Social cognition exists in a branch of psychology known as social psychology, a field that measures how individuals relate and think about one another and themselves. One of the most important facets of this subset of social psychology is attribution, or the way in which an individual explains his or her own behavior and the behavior of others. So far, psychology within social cognition have discovered differing ways in which attribution may occur, which help explain how we can have such reasonable, continuous and complex perceptions about ourselves and others.
One of the two different types of attribution an individual may use to make judgments about others and themselves is known as a situational attribute. Within social psychology, someone may base judgments and ideas about themselves and others merely due to the situation in which that person behaves. For example, if someone were to personally, or watch someone else, begin panicking in a serious emergency, the individual observing the behavior may not automatically conclude whoever is panicking, be it themselves or someone else, is neurotic or unstable. However, that person may be perceived to have an attribute of being unable to handle high levels of stress, as witnessed by their reaction to the situation, making their panic an understood situational attribute. As social creatures, humans can acknowledge that sometimes we behave in ways that deviate from our typical character in differing situations. It doesn’t take an expert in social psychology to understand that external environments can be stressful as well as relaxing, and that the ways in which people react does not say everything there is to know about someone. Situational attribution is one of the numerous reasons people say you cannot judge a book by its cover. However, it is important to engage in situational attribution. For example, if you know that someone is otherwise very calm and reasonable but has a crippling phobia of snakes, you would not deduce that person is always frantic, but you would not release a cobra into that person’s living room, either.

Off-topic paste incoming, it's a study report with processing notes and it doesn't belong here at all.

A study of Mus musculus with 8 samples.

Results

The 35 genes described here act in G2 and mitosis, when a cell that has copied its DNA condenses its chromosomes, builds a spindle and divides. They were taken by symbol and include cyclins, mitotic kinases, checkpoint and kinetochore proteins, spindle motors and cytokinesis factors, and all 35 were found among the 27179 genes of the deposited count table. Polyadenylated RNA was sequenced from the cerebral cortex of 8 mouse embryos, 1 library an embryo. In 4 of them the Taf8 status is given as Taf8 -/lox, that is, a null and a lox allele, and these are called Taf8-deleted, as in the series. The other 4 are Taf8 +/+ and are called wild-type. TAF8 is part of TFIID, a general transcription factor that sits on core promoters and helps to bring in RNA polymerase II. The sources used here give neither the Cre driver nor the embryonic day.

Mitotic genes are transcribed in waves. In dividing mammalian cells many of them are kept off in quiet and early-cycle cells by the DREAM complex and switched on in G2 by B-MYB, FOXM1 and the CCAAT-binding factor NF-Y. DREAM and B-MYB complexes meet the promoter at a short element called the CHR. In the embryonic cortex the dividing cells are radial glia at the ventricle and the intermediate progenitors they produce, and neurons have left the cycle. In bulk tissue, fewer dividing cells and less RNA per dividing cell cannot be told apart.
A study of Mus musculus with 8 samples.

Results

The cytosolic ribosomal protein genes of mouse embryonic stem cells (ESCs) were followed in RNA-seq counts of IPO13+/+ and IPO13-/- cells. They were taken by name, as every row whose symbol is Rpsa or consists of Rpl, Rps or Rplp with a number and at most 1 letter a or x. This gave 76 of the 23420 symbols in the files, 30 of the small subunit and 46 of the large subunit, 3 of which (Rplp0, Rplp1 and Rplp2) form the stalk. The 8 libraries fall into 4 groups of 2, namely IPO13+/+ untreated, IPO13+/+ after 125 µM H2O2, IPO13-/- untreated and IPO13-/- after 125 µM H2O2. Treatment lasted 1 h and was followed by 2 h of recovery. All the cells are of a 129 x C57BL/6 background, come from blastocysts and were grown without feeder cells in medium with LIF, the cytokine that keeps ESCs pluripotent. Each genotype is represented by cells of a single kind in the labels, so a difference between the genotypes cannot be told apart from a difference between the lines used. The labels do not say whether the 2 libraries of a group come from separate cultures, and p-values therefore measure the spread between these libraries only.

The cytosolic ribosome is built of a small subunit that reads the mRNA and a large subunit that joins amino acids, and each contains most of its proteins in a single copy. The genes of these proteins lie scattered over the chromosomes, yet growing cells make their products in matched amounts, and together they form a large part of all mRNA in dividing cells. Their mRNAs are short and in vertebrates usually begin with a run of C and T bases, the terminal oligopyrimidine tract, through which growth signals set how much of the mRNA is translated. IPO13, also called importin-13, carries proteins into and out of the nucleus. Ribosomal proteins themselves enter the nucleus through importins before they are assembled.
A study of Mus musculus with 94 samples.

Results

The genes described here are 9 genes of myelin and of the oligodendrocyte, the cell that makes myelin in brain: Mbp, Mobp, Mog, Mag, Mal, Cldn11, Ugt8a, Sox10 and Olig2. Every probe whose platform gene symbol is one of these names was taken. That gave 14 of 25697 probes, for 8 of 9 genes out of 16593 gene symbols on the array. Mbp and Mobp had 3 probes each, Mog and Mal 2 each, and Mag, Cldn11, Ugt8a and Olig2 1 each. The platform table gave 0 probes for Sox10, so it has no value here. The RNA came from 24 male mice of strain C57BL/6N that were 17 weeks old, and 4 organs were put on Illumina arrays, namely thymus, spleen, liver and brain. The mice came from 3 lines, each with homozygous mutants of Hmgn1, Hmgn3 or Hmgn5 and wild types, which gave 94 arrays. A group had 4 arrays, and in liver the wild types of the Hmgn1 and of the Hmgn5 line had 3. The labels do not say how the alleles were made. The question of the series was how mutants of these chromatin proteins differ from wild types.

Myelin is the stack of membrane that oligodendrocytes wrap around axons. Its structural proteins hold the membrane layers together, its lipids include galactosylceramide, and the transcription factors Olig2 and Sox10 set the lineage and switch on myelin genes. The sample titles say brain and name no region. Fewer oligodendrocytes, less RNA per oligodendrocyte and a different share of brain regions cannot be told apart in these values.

This example brings across the second important point about situational attribution. It is one of the reasons why people can have complex ideas about themselves and others. Consider for a moment how your reactions to differing stimulus may vary due to an infinite number of factors. For example, someone having a bad day may not be thought of as someone who is simply irritable or gloomy, but it would be understood that they do have a situational attribute of gloominess. Therefore, while most people would probably not have a problem being friends with this person, their idea of that person would not just take into account their typical happiness. Their situational attribute of dismay would also be considered, though it probably would not be perceived as their most important quality. Likewise, someone experiencing a temporary epiphany may not always be considered someone who is generally wise or profound, but may still have some sort of perceived edge over someone who has never experienced an epiphany, depending on who is observing that person. Humans inherently use social psychology and cognition to subconsciously take into account loads of information and memories about a person in order to create an extremely intricate idea of who that person is. Even more complex, according to social psychology, are our ideas about ourselves, because we have so many situational attributes to consider.
The opposite of situational attributes are disposition attributes, which social psychology terms as attributes which are thought to be inherent in an individual and independent of environment. In many instances, dispositional attributes are considered more important than situational attributes, because they are the most consistent. For example, consider a scenario in which one person perceives piety to be the most important dispositional attribute a person may have. This person is much more likely to be friends with someone who, no matter what state of emergency may be occurring, will always believe in God. While some have trouble believing in God in times of turmoil and may even secretly reject the idea of God when they are suffering, making their belief a situational attribute, someone with a dispositional attribute of belief in God will never question their faith.
Myers, David G. Psychology. New York: Worth, 2010. Print.